Tuesday, November 20, 2018

30 Questions Every Person Must Ask When Job Interviewing

Since many of my readers will plan to start looking for a new job in the new year, which is fast approaching, I thought this post would be appropriate.  I recently wrote that some candidates are so anxious to get a new job and an offer that  they neglect to ask tough questions of the companies and people they are meeting.  The result is that they end up making poor decisions.  

This list is made from comments made to me as to the reasons why candidates are leaving jobs.  All too often I hear candidates say that, “If I had only known…” The truth is that they failed to ask important questions about the company and its people before accepting a job.

When I was first recruiting I met a really good account manager who had been working on a gigantic account at one of the top five agencies.  He was an account director, with about ten years’ experience.  He told me that he was looking (after only six months on the job) because the account was so large that the senior management of his agency attended every single meeting, often leaving him out.  He was looking because he was made to feel like an assistant account executive.  While interviewing he had neglected to ask about his responsibilities and involvement on the account.  I thought of his experience while writing this post.

Following is a list of critical issues and the questions that must be asked (this list is pointed towards advertising, but is valid for every profession).  Obviously, many questions should not be asked on the first interview.  Ultimately, getting a complete picture of the job, its opportunities and possibly its drawbacks, will enable a candidate to make a good decision.

Some of these questions should be asked multiple times with different people in order to determine the consistency of the responses; this is particularly important when finding out about the person who would be your direct manager.  While interviewing, listen carefully to the responses that people give you.  Sometimes what is not said may be more important than what is said.  But if you have suspicions about information being withheld or the answers are evasive, ask the question directly.

1.    Why is this job open?
2.    May I meet the previous person who had the job?
3.    If they have left the company, may I contact them?
4.    What business issues exist with the client?
5.    How is the client’s relationship with the agency?
6.    How often will I be with the client?
7.    What level(s) of client will I be dealing with?
8.    If you have been dealing with the client for a long time, will I be able to establish a good working relationship with them?
9.    What problem(s) will I be responsible for resolving?
10. What will I be responsible for doing vs what my manager will be doing?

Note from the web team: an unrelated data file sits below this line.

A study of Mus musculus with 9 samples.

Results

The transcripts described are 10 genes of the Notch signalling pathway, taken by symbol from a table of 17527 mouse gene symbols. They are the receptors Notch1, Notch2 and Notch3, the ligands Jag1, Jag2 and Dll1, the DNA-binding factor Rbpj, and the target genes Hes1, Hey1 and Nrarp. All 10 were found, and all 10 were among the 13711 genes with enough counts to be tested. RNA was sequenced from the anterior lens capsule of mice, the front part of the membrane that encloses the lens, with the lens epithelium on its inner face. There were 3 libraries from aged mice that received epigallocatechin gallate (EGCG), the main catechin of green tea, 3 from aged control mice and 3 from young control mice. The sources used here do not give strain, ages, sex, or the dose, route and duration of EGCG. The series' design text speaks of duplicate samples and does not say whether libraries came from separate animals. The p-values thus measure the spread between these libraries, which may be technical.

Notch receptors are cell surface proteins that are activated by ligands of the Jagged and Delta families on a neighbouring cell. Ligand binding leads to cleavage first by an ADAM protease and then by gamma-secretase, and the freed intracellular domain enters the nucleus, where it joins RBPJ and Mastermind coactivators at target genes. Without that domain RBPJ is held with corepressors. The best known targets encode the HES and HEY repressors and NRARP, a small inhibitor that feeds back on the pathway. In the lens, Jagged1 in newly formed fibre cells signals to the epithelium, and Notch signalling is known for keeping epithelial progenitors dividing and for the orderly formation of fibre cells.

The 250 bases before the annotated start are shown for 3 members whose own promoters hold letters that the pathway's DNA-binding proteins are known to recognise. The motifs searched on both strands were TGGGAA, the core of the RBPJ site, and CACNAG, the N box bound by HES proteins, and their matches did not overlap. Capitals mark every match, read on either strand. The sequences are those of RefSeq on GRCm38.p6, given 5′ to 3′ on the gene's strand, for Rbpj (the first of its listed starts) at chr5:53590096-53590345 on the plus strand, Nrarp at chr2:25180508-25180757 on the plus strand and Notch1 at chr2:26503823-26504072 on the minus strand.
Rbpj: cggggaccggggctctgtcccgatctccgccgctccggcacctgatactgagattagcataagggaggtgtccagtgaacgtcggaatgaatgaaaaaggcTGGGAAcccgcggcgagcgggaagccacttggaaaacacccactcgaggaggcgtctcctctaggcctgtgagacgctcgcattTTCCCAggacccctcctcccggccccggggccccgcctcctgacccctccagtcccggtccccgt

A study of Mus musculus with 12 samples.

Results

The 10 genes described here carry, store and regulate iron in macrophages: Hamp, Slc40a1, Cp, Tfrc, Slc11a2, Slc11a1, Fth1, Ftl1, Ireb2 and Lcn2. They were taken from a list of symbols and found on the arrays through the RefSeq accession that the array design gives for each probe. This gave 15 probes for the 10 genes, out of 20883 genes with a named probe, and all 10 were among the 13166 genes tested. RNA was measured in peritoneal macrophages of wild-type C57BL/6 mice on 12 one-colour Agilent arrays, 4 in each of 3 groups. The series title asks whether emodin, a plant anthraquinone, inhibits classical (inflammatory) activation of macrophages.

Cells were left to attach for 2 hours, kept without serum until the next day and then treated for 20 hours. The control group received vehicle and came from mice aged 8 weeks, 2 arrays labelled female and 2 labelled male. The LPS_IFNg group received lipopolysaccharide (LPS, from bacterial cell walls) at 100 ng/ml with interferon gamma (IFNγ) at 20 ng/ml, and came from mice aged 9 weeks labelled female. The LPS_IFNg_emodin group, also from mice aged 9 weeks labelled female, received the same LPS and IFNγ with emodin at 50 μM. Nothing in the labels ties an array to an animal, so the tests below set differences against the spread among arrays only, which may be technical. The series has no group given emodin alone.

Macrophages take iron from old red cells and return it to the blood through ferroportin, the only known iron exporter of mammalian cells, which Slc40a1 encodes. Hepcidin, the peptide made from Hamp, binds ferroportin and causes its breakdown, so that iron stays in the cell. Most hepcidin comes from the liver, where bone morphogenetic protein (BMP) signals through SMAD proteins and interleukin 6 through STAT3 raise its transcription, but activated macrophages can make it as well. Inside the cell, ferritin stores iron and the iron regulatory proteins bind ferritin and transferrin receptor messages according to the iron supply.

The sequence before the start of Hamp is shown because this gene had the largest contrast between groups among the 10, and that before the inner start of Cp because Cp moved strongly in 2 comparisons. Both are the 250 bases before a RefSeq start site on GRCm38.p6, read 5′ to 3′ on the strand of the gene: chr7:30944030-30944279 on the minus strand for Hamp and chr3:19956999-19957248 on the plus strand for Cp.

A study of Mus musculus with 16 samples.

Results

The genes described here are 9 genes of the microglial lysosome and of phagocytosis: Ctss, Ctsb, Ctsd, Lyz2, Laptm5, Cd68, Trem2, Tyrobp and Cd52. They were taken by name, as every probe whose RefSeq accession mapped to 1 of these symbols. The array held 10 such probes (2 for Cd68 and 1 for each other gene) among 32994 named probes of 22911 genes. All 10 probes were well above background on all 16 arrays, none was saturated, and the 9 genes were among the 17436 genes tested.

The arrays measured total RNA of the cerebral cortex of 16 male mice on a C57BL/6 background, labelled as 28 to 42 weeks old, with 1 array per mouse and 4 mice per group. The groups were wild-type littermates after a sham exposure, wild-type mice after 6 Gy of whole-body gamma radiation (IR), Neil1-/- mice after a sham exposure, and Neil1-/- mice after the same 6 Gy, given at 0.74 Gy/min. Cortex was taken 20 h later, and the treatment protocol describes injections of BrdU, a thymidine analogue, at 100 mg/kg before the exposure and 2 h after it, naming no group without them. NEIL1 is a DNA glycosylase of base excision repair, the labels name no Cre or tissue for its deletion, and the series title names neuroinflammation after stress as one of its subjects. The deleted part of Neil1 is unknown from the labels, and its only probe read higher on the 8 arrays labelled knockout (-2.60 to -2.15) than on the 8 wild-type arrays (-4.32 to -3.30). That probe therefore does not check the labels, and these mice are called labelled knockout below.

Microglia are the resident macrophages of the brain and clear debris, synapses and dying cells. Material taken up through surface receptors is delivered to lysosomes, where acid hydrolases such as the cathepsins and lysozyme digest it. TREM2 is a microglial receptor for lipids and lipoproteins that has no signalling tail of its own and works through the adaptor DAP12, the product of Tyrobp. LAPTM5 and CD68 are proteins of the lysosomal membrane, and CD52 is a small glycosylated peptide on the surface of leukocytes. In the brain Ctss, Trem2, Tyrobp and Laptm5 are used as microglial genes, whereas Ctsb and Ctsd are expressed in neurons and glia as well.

11. Who will I be reporting to?
12. How long has that person been in his/her job?
13. What is the likelihood and timetable for their promotion?
14. How often do people at my level receive rotations?
15. What business issues are this company facing?
16. How often can I expect a raise (not for a first interview)?
17. To be asked of a manager – when was your last real vacation?
18. How does the company feel about employees taking their allotted vacation time?
19. Does the company give bonuses at my level?
20. What will my exposure to management be?
21. How involved is senior management with this business?
22. Will there be occasions when I am asked to do things on other accounts or on new business?
23. How integrated is the agency?  Who is responsible for all of the disparate elements?  What will my involvement be?
24. What will be the limits of my authority (especially important for senior executives)?
25. What will I be responsible for?
26. What will my typical day and week be like?
27. What is the real culture of the agency like?
28. Will there be travel?  If so, how much?
29. Who will report to me and what is their background?
30. If I were to get this job, what distinguishes me from other candidates you have met and interviewed?

Most of these questions can be answered during the course of chatting with people in the interview chain.  They can be handled in a way so as not to put the company interviewer on the spot.  However, they are all relevant to getting a complete understanding of the job.

Fully understanding the job is the entire purpose of interviewing.


  1. Great comments, Paul. These questions are applicable to physicians who are considering leaving private practice for hospital employment. Have a happy, healthy Thanksgiving. Best to you. RG

  2. Great list of questions...saving this post, for sure. I think people often don't ask some of the most important and probing questions you pose because they either need or feel they really want the job and don't want to ask any questions that may - in some way - jeopardize their candidacy. They fail to recognize that not knowing the answers is often a recipe for disaster.